A program created last year by the National Wildlife Federation is offering VCU students the opportunity to lead and create community programs focused on sustainability and conservation.
EcoLeaders, an offspring of the NWF’s Campus Ecology Program, has generated a platform for students to devise or join projects, network with leaders of other community projects and potentially gain recognition from the NWF — the largest private, nonprofit conservation organization in the United States.
Careers in the field of environmental sustainability are increasing in demand as tax incentives motivate businesses to hire specialists to reduce their business’ carbon footprint.
Courtney Cochran, program coordinator for NWF’s Campus Ecology Program, is also the online manager for the EcoLeaders program.
“We surveyed and talked to a number of current college students and asked them if this was something that they want and something that’s appealing,” she said, “so we built a tool based largely on the feedback, and so far it’s been something very successful.”
The program has yet to boast any VCU participants, but student organizations and VCU Goes Green offer similar opportunities, and could label themselves as a national program if they collaborated with the NWF.
“(Students) might not be majoring specifically, or have the opportunity to major specifically, in environmental science or sustainability but it’s something they’re interested in,” Cochran said. “(They) want to know that they can prepare for a career in that field outside of their direct major.”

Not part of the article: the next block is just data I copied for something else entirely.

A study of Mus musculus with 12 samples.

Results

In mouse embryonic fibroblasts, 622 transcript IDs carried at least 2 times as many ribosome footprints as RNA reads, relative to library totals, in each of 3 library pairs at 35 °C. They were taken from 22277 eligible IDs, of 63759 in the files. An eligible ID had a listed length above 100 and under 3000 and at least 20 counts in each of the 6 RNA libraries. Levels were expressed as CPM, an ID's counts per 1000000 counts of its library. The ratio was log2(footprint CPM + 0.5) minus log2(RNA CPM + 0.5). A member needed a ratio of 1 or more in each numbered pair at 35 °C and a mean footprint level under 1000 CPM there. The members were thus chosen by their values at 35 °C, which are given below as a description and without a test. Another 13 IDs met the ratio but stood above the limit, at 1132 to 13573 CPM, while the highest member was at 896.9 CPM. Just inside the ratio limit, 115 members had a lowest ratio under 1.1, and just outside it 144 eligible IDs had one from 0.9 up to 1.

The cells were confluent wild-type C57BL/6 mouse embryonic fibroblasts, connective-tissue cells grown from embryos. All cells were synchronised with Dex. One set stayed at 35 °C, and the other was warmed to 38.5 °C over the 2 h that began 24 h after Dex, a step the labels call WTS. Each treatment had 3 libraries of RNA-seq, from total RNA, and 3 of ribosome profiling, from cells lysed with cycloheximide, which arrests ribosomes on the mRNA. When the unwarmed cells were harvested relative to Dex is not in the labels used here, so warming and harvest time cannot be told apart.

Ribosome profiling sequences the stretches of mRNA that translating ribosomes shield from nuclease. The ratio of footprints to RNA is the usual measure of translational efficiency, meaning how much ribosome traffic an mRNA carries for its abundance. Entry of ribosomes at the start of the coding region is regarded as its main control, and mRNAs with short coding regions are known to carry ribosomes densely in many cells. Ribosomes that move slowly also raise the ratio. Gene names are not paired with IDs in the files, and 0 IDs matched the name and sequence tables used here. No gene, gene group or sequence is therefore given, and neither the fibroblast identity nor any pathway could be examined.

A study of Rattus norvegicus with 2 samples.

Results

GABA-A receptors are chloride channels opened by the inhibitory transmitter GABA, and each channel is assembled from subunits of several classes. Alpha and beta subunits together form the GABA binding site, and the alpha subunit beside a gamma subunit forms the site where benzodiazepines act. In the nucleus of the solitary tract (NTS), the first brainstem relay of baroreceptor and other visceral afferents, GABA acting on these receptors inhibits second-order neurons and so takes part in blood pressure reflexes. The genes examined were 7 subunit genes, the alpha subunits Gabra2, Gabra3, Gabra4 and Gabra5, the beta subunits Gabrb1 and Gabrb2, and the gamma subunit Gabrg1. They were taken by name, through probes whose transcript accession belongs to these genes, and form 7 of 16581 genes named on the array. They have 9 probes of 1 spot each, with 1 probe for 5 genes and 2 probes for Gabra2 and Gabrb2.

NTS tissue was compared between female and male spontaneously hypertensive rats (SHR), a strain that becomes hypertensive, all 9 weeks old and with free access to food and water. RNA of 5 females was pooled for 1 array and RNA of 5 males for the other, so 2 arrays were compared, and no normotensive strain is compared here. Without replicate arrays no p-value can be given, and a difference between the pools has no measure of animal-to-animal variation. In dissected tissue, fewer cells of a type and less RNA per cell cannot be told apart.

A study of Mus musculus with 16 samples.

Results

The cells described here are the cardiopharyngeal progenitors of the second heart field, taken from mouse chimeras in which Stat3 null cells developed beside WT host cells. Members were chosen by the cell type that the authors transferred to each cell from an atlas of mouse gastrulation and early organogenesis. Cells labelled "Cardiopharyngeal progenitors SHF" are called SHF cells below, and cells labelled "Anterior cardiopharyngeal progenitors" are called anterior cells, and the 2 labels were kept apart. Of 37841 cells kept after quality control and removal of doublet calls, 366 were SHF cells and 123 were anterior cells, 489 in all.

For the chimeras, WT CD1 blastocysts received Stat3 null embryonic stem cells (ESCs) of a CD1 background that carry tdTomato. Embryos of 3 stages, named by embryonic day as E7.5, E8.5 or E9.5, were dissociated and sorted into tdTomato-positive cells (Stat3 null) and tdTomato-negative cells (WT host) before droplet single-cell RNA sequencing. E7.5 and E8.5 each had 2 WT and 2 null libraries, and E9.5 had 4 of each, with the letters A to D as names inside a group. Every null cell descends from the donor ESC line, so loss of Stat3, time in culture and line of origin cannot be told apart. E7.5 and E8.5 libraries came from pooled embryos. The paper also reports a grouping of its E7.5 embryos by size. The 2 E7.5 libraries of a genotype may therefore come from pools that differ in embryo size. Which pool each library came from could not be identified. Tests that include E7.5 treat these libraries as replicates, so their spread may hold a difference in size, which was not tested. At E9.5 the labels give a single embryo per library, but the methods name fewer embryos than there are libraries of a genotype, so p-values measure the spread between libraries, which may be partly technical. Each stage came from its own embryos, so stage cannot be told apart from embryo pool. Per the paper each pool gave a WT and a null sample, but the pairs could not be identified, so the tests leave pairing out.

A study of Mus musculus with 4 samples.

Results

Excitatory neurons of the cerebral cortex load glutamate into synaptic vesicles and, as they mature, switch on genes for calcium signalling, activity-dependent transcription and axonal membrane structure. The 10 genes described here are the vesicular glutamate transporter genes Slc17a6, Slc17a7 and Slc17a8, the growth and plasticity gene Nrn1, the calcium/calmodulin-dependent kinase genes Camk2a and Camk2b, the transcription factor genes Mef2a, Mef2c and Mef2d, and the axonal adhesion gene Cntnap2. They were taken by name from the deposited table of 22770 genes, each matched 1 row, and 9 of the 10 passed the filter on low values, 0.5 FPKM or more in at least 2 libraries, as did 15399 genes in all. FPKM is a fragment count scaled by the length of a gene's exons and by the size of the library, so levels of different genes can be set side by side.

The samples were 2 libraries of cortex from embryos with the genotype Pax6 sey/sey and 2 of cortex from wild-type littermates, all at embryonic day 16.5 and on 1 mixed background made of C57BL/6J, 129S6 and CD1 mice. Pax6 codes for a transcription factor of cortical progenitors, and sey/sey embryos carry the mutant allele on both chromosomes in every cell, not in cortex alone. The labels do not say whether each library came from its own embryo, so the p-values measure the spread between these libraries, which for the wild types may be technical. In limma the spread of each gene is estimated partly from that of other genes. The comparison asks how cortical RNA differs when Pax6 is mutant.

This program could prove very beneficial to VCU students, because despite the school’s push to go green, the university does not offer bachelor’s or master’s degrees in sustainability.
VCU students’ closest option to a degree in envionmental sustainability is a certificate of completion in Globalization and Sustainability from the School of Business or a cross-disciplinary certificate in Sustainable Innovation.
“Since I’ve begun my career, (sustainability initiatives) have really grown at an amazing rate,” said Erin Stanforth, VCU’s director of sustainability.
Stanforth said when she was younger she had no intention of working in her current field, but after accidently signing up for a class, she realized it was something she enjoyed. She now has her master’s degree in sustainable business from Marylhurst University.
Stanforth was hired for her current position at VCU in April 2014. She said she has worked on several hands-on and agricultural development projects throughout her education and career.
These are the same kinds of programs that the NWF’s EcoLeaders program provides students across the country to participate in.
There are also student organizations, like 0-Waste RVA, that participate in local government and hold projects that promote and implement conservation and reduced waste efforts.
The VCU Office of Sustainability held a town hall meeting last week where faculty and students were encouraged to voice any suggestions or concerns regarding VCU’s current sustainability efforts.
This was the first event of its kind at the university and was intended to continue effectively reducing waste and greenhouse gas emissions at VCU.